The government of Mexico has moved to block a shipment of glyphosate, the active ingredient in the herbicide Roundup, from entering their country over concerns for human health and the environment. The nation’s environmental ministry, Secretaría del Medio Ambiente y Recursos Naturales (Secretariat of Environment and Natural Resources), denied a permit that would allow glyphosate to be imported into the country, stating that “Glyphosate represents a high environmental risk, given the credible presumption that its use can cause serious environmental damage and irreversible health damage.”

In taking this action, Mexico joins Austria, Germany, Thailand, Vietnam and a number of other countries that have either banned glyphosate altogether or are in the process of phasing out its use. Like Roundup manufacturer Bayer, the U.S. Environmental Protection Agency (which allegedly was in the back pocket of Roundup’s original manufacturer, Monsanto) stubbornly continues to defend glyphosate, despite the fact that three major glyphosate lawsuits have ended in multi-million verdicts for plaintiffs.

In a press release, Mexico’s environmental secretary, Victor Toledo, says the recent resolution gives priority to environmental law, placing it above property and industrial rights because of the potential consequences to biodiversity. He points out that studies have demonstrated that agricultural chemicals such as glyphosate, as well as pesticides, have “many lethal effects on pollinators.”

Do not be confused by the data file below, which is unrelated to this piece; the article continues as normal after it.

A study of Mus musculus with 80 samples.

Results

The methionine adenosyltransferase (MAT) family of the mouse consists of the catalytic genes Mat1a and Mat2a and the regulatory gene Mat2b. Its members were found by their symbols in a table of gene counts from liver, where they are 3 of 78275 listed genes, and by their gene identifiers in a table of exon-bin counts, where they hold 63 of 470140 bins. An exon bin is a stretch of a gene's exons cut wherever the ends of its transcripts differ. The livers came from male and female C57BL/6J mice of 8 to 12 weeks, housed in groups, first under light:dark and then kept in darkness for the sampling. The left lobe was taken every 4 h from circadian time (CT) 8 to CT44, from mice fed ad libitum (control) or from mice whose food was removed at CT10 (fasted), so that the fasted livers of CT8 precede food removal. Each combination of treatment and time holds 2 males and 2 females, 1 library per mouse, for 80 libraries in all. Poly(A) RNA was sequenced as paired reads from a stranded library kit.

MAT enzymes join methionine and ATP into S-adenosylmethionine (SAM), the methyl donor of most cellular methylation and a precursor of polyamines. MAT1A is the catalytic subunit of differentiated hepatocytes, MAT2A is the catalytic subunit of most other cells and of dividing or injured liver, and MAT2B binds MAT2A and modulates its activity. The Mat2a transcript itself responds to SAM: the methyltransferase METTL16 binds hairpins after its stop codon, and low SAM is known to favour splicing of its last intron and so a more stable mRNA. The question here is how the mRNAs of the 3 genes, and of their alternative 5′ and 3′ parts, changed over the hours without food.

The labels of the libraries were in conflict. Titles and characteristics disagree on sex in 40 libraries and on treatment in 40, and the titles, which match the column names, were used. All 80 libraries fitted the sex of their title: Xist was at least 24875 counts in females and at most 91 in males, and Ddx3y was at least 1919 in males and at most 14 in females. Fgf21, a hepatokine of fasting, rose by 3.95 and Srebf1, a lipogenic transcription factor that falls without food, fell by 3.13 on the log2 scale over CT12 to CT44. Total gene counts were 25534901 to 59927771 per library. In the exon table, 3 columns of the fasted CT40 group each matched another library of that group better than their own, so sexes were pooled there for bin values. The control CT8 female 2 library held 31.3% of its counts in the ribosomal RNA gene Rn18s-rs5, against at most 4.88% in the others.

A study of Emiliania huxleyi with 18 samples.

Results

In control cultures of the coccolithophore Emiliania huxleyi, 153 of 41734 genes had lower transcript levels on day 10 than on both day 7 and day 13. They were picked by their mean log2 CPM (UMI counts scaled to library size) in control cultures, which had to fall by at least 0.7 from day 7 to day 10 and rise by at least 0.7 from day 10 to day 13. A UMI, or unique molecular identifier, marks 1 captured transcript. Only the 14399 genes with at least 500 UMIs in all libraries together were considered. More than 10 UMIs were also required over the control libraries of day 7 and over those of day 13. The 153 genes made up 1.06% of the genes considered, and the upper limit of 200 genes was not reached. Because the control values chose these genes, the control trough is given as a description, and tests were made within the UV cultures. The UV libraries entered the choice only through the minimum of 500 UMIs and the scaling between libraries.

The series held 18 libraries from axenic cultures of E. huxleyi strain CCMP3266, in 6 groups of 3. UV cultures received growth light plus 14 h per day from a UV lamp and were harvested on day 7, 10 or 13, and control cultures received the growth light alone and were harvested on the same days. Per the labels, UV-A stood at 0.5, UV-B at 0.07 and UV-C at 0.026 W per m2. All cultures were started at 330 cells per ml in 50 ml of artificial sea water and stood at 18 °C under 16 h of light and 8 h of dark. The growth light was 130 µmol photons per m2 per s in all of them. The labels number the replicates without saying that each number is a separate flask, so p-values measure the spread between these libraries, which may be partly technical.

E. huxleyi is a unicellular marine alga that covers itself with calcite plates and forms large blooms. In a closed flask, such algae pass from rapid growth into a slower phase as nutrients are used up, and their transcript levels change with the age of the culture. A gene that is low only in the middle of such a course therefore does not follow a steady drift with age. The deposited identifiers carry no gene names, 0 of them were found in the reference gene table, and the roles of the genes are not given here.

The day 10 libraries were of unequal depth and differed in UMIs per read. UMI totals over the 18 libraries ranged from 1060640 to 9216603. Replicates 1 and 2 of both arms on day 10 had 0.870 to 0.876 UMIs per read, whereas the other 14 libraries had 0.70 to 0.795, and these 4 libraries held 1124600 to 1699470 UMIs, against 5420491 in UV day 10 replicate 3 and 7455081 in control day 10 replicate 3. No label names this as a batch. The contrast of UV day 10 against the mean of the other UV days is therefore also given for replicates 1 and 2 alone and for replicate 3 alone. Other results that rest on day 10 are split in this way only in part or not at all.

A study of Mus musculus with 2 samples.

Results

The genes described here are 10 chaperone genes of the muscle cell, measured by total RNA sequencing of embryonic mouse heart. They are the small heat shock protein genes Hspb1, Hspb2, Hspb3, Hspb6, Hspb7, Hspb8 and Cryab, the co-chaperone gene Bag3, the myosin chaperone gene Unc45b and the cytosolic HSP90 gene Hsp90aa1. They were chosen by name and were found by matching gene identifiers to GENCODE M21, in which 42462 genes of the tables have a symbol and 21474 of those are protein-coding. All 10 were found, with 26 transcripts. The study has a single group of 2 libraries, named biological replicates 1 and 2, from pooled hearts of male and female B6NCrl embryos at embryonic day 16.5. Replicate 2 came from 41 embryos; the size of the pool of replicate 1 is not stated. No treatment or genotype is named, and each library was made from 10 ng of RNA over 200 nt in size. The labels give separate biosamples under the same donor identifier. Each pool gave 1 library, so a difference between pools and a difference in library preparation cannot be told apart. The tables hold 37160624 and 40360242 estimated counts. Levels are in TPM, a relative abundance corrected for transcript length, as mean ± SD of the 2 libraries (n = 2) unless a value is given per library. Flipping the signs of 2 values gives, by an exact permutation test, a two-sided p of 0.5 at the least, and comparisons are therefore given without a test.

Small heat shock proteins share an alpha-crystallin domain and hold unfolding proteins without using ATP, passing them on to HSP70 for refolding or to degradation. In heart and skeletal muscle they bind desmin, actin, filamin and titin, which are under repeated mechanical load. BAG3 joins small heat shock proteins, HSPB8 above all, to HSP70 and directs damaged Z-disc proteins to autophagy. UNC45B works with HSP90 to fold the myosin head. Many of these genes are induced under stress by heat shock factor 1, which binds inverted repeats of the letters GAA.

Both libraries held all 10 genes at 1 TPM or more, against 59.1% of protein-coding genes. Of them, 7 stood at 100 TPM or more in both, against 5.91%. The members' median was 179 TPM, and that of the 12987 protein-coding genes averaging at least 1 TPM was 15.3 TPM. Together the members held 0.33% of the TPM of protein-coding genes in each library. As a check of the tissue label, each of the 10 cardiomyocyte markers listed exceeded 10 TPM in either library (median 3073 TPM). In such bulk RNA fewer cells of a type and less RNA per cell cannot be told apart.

Toledo is also urging the Mexican government to “promote an agroecological public policy that includes suppressing the harmful environmental, social and cultural effects of modern agriculture.” This would involve the ban of over 100 pesticides as well as glyphosate.

Here in the U.S., where federal officials continue to do nothing about glyphosate, local county and municipal governments are moving ahead with their own plans to phase out and ban the use of glyphosate. In 2017, the Chicago suburb of Naperville announced that its park department would abandon the use of glyphosate in favor of more environmentally-friendly alternatives. This past March, Los Angeles County issued a moratorium on the use of glyphosate. Last August, the Las Cruces, New Mexico city council announced that Roundup would no longer be used for weed control on municipal properties.

K.J. McElrath is a former history and social studies teacher who has long maintained a keen interest in legal and social issues. In addition to writing for The Ring of Fire, he is the author of two published novels: Tamanous Cooley, a darkly comic environmental twist on Dante's Inferno, and The Missionary's Wife, a story of the conflict between human nature and fundamentalist religious dogma. When not engaged in journalistic or literary pursuits, K.J. works as an entertainer and film composer.